By Sally Bland - Sep 11,2016 - Last updated at Sep 11,2016

Major Pettigrew’s Last Stand
Helen Simonson
New York: Random House, 2011
Pp. 368

Just when Major Ernest Pettigrew begins to experience disconcerting symptoms of ageing, several chance encounters with the local shopkeeper, Mrs Ali, rekindle the joy of living that he fears is waning. Having both lost beloved spouses in recent years, the two are drawn together by a mutual love of classical literature, appreciation of nature and sensible approach to life. But, as their friendship develops, it raises eyebrows in their Sussex village, Edgecombe St. Mary, revealing residual prejudice despite the village elite’s claim that it is “a utopia of multicultural understanding”. (p. 6)

Roger, the Major’s twenty-something son, is also shocked by the ethnicity of his father’s new companion, as are many others who seem very modern in consumerist terms, but have obviously not come to terms with the legacy of British colonialism. 

“Major Pettigrew’s Last Stand” is first and foremost the story of the gentle, old-fashioned romance between two middle-aged people, but it is also the story of Britain in transition and an exploration of cultural differences. Interestingly, these differences are not only between the “real” English and Mrs Ali’s Indian Muslim/Pakistani-origin family, but more so within the two respective communities. Sometimes, they are synonymous with the generation gap. At other times, they are the friction between a simple, locally based way of life and the frenzied, globalised world of branding, electronic communication, cosmopolitan tastes, fast travel and fast money.

Ironically, the quintessentially English Major was born in Lahore, his father having been an officer in the colonial army, while Mrs Ali was born in Cambridge, her father having immigrated to Britain after India’s partition. Mrs Ali, whose first name is Jasmina, remembers being “raised in a library of a thousand books” by a father who dreamed that the United Nations would grow into a world government and that Britain would finally accept the immigrants from its former colonies — an issue that predominates in the novel. (p. 62)

Her husband was also open-minded, but after his death, her in-laws try to restrict her independence: She should join them in North England to care for their children and elderly, while her nephew, their son, whom they have retrained in conservatism, should take over the shop. The Major is outraged at these plans, but hesitates to speak out against family obligations since he is suffering from the neglect of his only son, who is so absorbed with his career in London’s financial sector that he often seems to be “the strange adult who existed mostly at the end of the telephone”. (p. 30)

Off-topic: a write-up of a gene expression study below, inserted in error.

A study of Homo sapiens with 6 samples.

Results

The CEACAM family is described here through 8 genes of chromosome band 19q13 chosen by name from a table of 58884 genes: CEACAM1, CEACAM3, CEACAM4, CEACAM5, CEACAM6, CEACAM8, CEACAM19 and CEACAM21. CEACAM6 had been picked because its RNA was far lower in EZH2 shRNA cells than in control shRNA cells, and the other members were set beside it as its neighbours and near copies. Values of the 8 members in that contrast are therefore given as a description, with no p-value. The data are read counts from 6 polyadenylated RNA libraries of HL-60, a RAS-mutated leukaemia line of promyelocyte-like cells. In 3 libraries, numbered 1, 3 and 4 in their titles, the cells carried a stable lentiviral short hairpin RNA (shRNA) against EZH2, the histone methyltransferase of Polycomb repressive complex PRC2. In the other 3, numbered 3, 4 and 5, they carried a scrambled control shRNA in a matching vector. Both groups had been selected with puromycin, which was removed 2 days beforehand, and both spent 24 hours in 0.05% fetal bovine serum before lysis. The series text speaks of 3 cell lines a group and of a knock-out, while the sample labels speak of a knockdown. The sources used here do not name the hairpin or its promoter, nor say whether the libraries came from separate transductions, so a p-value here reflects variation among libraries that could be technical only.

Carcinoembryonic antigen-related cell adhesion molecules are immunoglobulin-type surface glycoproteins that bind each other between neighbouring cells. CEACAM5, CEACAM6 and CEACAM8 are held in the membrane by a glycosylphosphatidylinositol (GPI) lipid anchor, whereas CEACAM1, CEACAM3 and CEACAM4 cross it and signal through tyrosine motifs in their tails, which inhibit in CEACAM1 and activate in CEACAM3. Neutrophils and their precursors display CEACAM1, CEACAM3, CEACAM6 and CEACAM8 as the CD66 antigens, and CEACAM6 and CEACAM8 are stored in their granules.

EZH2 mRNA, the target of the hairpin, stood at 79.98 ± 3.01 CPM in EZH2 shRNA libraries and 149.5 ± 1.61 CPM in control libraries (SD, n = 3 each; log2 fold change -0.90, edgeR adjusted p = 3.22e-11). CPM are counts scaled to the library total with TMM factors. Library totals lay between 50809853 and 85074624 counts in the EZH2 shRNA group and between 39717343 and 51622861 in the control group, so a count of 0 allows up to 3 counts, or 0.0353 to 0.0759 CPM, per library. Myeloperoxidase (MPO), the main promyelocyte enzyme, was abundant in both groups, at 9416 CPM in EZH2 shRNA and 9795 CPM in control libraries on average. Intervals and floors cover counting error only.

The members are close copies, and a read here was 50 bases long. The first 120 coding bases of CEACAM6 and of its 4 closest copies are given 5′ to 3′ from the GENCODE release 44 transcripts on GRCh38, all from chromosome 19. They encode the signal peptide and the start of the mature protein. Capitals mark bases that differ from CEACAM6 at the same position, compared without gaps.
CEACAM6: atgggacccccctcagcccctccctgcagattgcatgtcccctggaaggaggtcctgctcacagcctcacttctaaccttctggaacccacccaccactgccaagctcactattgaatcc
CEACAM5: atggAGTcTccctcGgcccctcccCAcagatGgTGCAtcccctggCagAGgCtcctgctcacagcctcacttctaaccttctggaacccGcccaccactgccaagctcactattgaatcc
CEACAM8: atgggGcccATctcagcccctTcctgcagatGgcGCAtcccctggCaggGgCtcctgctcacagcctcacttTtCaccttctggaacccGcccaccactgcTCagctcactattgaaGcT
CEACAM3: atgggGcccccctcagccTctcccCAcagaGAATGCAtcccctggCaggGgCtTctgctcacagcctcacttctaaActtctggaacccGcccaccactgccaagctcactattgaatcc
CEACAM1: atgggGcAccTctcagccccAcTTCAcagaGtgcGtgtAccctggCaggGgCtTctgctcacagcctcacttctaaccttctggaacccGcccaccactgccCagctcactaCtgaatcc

With the aid of the Major’s dry wit, the book satirises most of the English characters for their hypocrisy, hurtful prejudices, petty preoccupations and, in some cases, crass materialism and wilful ignorance. Nor are Roger’s American girlfriend and business contacts spared.

Cultural differences are revealed to be a clash of values as reflected in the novel’s various subthemes, such as the attempt of a bankrupt lord to retain his property and privilege by partnering with a US corporation to parcel out the village land for a luxury housing estate. The Major is not one to join public protests, but the prospect of pseudo-manor houses abutting his back garden makes him sick at heart — and what would happen to Jasmina’s shop in a revamped Edgecombe St. Mary? 

The brilliance of Helen Simonson’s writing is that she doesn’t describe these cultural differences directly. Her characters act them out, revealing their sentiments in zesty, realistic dialogue. What she does describe is rural beauty from the gracious, 17th century, stone houses of the village, their luxuriant gardens crisscrossed by rabbits, to misty mornings, wide-open fields and rocky seashores.

Her pen is so painterly that one easily imagines the book as a film, while eagerly turning the pages to see if the Major’s and Jasmina’s love, and the village’s tranquillity, can survive the new developments. Another way to pose this question is to ask whether their shared, old-fashioned values — a strong sense of duty, honesty, patriotism, family pride and the importance of manners and education — are still viable in the post-modern world. 

Simonson was born in Britain but has lived in the US for 20 years, qualifying her to write a truly English novel, but with the objectivity gained at a distance. In this, her first novel, she creates a set of memorable characters in a story that is by turn heart-warming, funny and slightly provocative. Though grounded in often harsh realities, her whimsical scenes and writing style make this book a great pleasure to read.